A spatial temperature fluctuation on the last scattering surface appears to us as an anisotropy on the sky. The conversion from physical scale into angular scale depends on the curvature of the universe and the distance to the last scattering surface. The former can alternately be thought of as gravitational lensing from the background curvature rather than curvature fluctuation. Consider first the case of positive curvature:
Figure: Closed Universe
Photons free stream to the observer on geodesics analogous to lines of longitude to the pole. Thus the same angular scale represents a smaller physical scale in a closed universe.
The opposite effect is true of open universes:
Figure: Open Universe
Acoustic features appear at harmonics of a fixed physical scale at last scattering, the sound horizon. Measurement of the angular scale that such features subtend on the sky can thus measure the curvature of the universe through an angular size distance test.
Decreasing the distance to the last scattering surface decreases the physical scale associated with a given angular scale. We shall see that sources in the foreground of last scattering such as the ISW effect are affected by this property. However for effects that arise purely from the last scattering surface, such as the acoustic features, the presence of curvature merely scales the features in angular or multipole l space
Animation:Angular diameter distance scaling with curvature and lambda (Omega_K=1-Omega_0-Omega_Lambda, fixed Omega_0h^2 and Omega_Bh^2) PS Figure: Examples from Hu & White (1996a)
With the matter-radiation and baryon-photon ratios fixed, acoustic features just scale with the projection or angular size distance. Geodesic deviation brings the features to higher multipoles (smaller angles) in an open universe. In a cosmological constant (Lambda) universe the rapid expansion causes a decrease in the comoving distance to last scattering bringing the features to slightly larger angles. The degeneracy between these two effects is broken at larger angles by the late ISW effect.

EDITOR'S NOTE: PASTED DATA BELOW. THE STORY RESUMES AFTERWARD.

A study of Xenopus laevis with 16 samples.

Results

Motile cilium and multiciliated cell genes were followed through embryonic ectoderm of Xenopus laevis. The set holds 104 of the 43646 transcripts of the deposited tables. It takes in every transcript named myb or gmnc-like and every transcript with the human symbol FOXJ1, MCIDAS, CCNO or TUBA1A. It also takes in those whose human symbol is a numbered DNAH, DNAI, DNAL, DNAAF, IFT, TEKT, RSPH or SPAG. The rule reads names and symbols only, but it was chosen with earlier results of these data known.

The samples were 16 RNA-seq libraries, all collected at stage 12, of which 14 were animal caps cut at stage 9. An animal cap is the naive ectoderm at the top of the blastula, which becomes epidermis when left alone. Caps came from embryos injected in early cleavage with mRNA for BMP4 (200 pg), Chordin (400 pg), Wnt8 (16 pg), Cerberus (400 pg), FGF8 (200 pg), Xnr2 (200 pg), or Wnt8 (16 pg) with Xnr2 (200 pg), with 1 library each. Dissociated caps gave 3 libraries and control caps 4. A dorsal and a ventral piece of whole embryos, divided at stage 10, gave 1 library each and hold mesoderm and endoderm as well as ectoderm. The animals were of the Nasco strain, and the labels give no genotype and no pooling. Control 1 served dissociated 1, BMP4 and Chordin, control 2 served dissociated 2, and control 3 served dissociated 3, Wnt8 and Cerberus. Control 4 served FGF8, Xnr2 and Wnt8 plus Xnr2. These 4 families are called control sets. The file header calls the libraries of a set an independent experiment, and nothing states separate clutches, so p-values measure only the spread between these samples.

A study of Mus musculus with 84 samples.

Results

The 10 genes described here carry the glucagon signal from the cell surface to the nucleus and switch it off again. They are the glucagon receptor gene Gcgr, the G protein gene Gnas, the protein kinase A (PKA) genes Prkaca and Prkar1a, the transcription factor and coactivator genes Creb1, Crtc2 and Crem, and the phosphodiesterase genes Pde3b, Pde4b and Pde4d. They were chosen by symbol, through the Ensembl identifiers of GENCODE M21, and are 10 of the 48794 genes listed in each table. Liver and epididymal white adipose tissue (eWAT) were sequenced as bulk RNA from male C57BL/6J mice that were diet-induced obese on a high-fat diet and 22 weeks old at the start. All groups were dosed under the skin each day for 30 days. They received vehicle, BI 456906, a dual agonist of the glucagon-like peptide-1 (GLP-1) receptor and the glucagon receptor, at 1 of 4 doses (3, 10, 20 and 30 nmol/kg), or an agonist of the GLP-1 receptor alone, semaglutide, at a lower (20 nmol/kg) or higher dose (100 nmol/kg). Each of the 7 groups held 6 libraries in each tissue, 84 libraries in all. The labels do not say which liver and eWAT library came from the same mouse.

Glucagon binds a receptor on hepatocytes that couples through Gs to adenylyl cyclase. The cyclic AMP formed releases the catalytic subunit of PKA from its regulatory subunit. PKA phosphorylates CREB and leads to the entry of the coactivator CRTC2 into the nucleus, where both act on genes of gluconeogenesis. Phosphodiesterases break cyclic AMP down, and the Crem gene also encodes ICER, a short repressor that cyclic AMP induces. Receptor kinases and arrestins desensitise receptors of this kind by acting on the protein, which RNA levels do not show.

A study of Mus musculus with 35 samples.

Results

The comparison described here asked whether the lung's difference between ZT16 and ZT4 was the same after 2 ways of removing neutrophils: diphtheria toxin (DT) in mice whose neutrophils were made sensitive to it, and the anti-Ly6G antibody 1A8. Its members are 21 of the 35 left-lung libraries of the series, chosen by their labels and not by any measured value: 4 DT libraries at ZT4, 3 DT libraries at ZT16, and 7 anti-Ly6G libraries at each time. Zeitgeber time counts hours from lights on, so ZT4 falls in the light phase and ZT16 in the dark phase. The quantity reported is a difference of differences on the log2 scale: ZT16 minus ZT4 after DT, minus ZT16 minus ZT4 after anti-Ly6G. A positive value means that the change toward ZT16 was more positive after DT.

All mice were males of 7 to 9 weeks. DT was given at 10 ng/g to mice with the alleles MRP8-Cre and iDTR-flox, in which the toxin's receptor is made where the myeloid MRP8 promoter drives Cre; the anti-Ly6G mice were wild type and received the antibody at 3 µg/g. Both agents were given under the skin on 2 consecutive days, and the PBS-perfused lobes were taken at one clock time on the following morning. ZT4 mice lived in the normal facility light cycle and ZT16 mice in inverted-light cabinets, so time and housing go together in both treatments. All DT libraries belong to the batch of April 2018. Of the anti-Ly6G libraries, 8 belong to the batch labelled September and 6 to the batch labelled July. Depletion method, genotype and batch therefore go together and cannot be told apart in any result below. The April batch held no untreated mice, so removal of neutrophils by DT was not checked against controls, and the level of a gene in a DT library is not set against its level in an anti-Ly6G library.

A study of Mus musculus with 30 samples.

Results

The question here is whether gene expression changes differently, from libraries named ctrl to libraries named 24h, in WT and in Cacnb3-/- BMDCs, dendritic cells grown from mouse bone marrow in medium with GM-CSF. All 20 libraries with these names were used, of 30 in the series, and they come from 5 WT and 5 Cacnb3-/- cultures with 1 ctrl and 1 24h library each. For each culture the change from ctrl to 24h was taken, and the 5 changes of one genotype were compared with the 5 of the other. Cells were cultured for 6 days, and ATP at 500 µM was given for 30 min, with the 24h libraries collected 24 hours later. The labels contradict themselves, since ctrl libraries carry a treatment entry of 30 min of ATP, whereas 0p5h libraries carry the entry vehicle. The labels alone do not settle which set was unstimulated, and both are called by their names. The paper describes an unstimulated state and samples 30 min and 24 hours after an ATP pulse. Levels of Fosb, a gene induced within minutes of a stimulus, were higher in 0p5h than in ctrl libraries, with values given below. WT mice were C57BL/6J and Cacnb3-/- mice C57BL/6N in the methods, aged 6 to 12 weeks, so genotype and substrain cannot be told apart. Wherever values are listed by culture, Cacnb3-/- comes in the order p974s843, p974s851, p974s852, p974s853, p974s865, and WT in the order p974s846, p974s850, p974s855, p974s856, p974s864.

The spacing between the peaks provides the most robust test of the curvature. In models where the variation in the gravitational potential is slow compared with the natural frequency of the oscillator, the natural period of the oscillation sets the separation betwen the peaks (see Hu & White 1996a for comparison between concrete models).
Unfortunately uncertainties in the Hubble constant h and to a lesser extent the baryon-photon ratio muddy the situation a bit.
Figure: Peak Separation and Damping Scale vs. &Omega0 from Hu & White (1996a)
Here we have taken extremely conservative uncertainties in the baryon content and realistic uncertainties in the Hubble constant. Note that since we here allow the matter content &Omega0h2 to vary with &Omega0 in the Lambda universe, the scaling of the peaks does not take on the simple form described above.
The damping scale also provides an angular size distance test for the curvature. Because it is sensitive to the Compton mean free path at last scattering, uncertainties in the baryon content introduce a larger uncertainty in pinning down the curvature:
Of course, by combining these scales one can build a measurement of the curvature that is robust to changes in the other cosmological parameters.